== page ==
South Africa’s top wicketkeeper Quinton de Kock – who refused to take the knee against instructions to do so – has apologised to “teammates and the fans back home”.
De Kock did not play in the T20 World Cup game in Dubai against the West Indies after he refused to take the knee as instructed by Cricket South Africa.
The furore around De Kock’s decision has reverberated around the globe and created massive divisions between sports lovers over race and politics.
Even though the Proteas beat the West Indies by eight wickets with 10 balls to spare on Tuesday the importance of De Kock to the team has not been easy to overlook.
On Wednesday De Kock made the first move to mend fences saying in his lengthy statement: “I would like to start by saying sorry to my teammates, and the fans back home.
“I never ever wanted to make this a Quinton issue.
“I understand the importance of standing against racism, and I also understand the responsibility of us as players to set an example.
“If me taking a knee helps to educate others, and makes the lives of others better, I am more than happy to do so.
“I did not, in any way, mean to disrespect anyone by not playing against the West Indies, especially the West Indian team themselves.
“Maybe some people don’t understand that we were just hit with this on Tuesday morning, on the way to a game.
“I am deeply sorry for all the hurt, confusion and anger that I have caused. I was quiet on this very important issue until now.
“But I feel I have to explain myself a little bit.
“For those who don’t know, I come from a mixed-race family. My half-sisters are Coloured and my stepmom is Black. For me, Black lives have mattered since I was born.”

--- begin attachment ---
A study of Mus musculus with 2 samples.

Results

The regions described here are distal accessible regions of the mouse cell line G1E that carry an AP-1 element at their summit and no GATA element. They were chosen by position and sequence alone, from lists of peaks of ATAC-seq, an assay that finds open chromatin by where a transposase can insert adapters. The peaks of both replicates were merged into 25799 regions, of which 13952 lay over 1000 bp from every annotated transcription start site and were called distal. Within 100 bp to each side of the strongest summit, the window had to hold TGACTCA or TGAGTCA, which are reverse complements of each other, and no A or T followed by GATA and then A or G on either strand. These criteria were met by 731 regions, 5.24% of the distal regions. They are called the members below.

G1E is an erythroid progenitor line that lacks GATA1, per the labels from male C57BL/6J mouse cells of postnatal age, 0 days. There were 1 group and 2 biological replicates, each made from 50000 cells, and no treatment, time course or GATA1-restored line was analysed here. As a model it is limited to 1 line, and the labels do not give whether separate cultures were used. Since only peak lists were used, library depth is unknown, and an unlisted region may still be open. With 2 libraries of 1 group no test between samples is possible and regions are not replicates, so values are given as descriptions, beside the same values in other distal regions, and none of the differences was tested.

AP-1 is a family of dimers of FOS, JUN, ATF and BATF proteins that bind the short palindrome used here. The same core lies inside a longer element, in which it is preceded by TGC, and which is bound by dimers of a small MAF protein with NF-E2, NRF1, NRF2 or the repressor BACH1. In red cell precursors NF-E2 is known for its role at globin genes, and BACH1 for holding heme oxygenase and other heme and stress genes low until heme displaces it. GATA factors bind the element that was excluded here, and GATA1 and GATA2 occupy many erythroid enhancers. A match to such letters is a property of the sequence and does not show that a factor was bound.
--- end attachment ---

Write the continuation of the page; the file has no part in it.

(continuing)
The wicketkeeper/batsman held a meeting with CSA to clear the air on Wednesday.
“Since our chat with the board last night, which was very emotional, I think we all have a better understanding of their intentions as well,” said De Kock.
“I wish this had happened sooner, because what happened on match day could have been avoided.
“I know I have an example to set. We were previously told we had the choice to do what we felt we wanted to do.
“I chose to keep my thoughts to myself, and thought of the pride of playing for my family and my country.
“I didn’t understand why I had to prove it with a gesture, when I live and learn and love people from all walks of life every day.
“When you are told what to do, with no discussion, I felt like it takes away the meaning.”
De Kock said if he was racist, I could easily have taken the knee and lied, which is wrong and doesn’t build a better society.
“Those who have grown up with me and played with me, know what type of person I am.
“I’ve been called a lot of things as a cricketer. Doff. Stupid. Selfish. Immature. But those didn’t hurt.
“Being called a racist because of a misunderstanding hurts me deeply. It hurts my family. It hurts my pregnant wife.
“I am not a racist. In my heart of hearts, I know that. And I think those who know me know that.
“I know I’m not great with words, but I’ve tried my best to explain how truly sorry I am for making like this is about me.”
De Kock also acknowledged the role his Captain Temba Bavuma played in resolving the matter.
“People might not recognise, but he is a flipping amazing leader. If he and the team, and South Africa, will have me, I would love nothing more than to play cricket for my country again.”